Here are my Honourable Mentions of 2013, movies that just missed the Top 10. They are not numbers 11 – 15; in fact they are not numbered at all. I’ve listed them alphabetically.
Surprisingly, 2013 has sprouted a considerable amount of quality movies. I wouldn’t have guessed it going into June or July, but by the end of the year, my ability to place one title above another proved to be more difficult than sitting through Kick-Ass 2. I deliberated including 7 titles in this year’s Honourable Mentions list, but due to my insufferable OCD I have rounded the number off nicely to 5 (which means 2 unfortunate movies just missed the cut that just missed the cut — I’ll leave their names up to your imagination).
Again, I want to point out that the following titles were released in Australia in 2013. And movies I haven’t seen will not be found here. Obviously.
I’m inclined to blame Reading Cinema’s poor video quality for the inclusion of American Hustle on this list. But to do that would be unfair. Or would it? The video jam marred the viewing experience, and by the time the movie resumed play I could only think about the parts I had missed. Had the picture run smoothly I might have been able to absorb its goodness. Yet I feel unjust for not giving Hustle a second chance. I just never had the time. I suspect that when the inevitable second viewing does come around, I will see this movie inch its way closer to that Top 10.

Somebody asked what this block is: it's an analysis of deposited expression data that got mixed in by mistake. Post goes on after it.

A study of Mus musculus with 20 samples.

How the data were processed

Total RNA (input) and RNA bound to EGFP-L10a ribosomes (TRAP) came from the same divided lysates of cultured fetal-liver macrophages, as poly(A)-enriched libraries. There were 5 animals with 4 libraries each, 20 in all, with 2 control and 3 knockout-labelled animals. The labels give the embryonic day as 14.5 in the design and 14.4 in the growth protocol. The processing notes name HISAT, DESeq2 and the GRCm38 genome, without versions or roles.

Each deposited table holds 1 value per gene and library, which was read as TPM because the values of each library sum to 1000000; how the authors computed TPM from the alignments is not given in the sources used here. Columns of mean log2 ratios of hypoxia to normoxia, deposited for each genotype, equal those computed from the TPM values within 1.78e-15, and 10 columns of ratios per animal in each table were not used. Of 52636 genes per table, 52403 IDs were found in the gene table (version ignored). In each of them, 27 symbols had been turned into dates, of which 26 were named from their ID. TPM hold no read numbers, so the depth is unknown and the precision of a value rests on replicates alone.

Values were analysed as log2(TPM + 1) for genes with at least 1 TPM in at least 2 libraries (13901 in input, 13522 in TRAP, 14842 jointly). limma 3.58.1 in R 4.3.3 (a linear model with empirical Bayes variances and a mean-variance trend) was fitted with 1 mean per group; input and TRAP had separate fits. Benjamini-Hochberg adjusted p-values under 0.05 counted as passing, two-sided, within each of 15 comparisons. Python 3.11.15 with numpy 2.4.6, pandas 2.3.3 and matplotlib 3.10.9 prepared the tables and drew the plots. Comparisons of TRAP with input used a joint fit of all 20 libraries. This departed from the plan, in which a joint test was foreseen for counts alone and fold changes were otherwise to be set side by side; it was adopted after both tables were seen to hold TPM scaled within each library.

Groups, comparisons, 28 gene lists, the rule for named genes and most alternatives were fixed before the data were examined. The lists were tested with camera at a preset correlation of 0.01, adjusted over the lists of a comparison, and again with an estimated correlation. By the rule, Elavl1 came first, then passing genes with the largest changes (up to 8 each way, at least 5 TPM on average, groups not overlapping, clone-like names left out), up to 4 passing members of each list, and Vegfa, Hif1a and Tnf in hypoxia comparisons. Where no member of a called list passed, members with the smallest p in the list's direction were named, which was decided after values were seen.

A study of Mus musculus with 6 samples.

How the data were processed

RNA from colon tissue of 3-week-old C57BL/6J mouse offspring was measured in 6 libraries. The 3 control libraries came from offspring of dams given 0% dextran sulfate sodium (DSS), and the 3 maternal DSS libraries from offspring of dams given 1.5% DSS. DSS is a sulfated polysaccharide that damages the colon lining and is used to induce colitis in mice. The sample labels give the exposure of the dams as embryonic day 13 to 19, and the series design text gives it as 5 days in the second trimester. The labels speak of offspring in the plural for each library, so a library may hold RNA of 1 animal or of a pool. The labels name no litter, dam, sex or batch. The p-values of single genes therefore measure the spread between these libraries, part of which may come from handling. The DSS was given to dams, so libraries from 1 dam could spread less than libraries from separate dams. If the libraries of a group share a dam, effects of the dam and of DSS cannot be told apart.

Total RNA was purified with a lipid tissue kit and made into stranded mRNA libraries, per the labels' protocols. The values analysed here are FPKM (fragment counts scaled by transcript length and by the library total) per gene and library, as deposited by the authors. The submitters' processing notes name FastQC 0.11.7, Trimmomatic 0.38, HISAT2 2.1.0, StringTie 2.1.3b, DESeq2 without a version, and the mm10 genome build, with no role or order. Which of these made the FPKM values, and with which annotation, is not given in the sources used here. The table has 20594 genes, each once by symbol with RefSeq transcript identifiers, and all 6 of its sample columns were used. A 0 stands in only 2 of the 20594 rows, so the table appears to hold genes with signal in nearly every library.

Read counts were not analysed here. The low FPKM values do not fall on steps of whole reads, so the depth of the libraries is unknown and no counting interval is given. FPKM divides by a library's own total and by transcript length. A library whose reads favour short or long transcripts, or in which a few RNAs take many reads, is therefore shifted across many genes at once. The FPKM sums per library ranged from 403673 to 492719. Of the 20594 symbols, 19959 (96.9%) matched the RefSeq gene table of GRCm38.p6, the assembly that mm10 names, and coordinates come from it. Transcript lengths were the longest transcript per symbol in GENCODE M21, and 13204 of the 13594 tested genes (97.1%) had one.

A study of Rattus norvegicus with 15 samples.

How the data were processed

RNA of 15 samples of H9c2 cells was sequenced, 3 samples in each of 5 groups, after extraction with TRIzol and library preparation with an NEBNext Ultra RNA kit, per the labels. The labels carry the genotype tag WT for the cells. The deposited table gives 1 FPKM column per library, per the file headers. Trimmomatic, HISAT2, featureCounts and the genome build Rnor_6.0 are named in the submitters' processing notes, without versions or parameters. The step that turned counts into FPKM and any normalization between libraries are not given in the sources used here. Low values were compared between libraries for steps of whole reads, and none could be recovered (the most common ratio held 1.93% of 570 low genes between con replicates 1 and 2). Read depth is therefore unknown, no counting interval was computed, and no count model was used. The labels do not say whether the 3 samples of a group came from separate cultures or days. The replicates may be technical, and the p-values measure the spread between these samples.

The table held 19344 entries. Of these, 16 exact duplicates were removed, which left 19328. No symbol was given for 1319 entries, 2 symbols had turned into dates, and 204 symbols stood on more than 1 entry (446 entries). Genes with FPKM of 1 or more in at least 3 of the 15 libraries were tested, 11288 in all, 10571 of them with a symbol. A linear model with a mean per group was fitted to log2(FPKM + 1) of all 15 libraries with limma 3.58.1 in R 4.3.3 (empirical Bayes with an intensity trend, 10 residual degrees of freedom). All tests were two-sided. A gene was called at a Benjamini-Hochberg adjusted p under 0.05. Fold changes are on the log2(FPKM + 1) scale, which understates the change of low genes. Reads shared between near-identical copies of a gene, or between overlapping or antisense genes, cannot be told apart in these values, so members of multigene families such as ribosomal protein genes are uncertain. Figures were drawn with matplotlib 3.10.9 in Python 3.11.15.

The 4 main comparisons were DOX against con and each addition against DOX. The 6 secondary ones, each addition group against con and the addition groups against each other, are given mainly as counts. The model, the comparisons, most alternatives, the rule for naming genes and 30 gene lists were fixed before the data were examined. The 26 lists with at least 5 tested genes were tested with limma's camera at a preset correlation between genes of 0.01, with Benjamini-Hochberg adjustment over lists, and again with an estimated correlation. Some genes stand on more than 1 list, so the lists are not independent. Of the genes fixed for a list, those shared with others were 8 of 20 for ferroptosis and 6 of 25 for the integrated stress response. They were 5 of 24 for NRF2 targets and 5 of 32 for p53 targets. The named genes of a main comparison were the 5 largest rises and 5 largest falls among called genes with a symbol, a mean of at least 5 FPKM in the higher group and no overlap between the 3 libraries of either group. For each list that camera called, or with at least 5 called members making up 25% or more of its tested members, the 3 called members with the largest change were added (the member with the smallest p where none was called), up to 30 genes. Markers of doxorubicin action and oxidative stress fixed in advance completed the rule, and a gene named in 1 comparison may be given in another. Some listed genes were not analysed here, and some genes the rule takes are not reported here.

Here’s a tough one. Django deserves to be in my Top 10, but considering the sheer quality of movies that have been released since, I’ve had no choice but to push it back and back and back. It’s still solid, that’s for sure. I suspect one of the reasons why Django finds itself here, and not nestled among the exalted, is Jamie Foxx. I just don’t like him — not in Collateral, not here. I’ve grown accustomed to his performance, yes, but would I have preferred Will Smith? 100%.
If Catching Fire had delivered a tighter third act, with less contrivances and more ingenuity, it would have found itself in my Top 10. Hands down. The first two acts of this movie are so well written, so enveloped with hearty performances that when the Games finally came around, I felt less enthused and desired the performances to shine through the visual effects. The terror of the Quarter Quell quickly diluted into complicated narrative developments. Nevertheless, it’s an outstanding movie.
Man Of Steel has grown on me tremendously over multiple viewings. I’ve seen it three times, and after the third I’ve realised that there is more to this movie than meets the eye. The destruction seems less somehow — shorter and less… destructive — and it isn’t as senseless as I observed in my review of Pacific Rim. Henry Cavill is still a beefily well-cast Superman, and his emotional strain between Earth and Krypton shines through brighter on multiple viewings. The villains, too, seem to grow and mature into deeper beings. Zod, in particular, is given gravitas as a tortured soldier seeking only to protect the future of his broken planet. Are there missed opportunities? Plenty. But if any movie has improved over time, Man Of Steel does it with grace.
How can you not love World War Z? It’s the only zombie movie with a functioning brain, and it has zombies who have never been more ferocious or relentless. Performances are good all round, and the story is built on characters who aren’t stupid. They are thinking beings surrounded by unthinking beings, and the difference is the only thing that stands between them and infection. Many zombie scenes are clearly CGI, and even though I’m aware that this movie wouldn’t have been made without computer technology, I just wish the real, physical zombies made broader appearances. In the wide world of zombie flicks, World War Z shares the top with the Romero classics.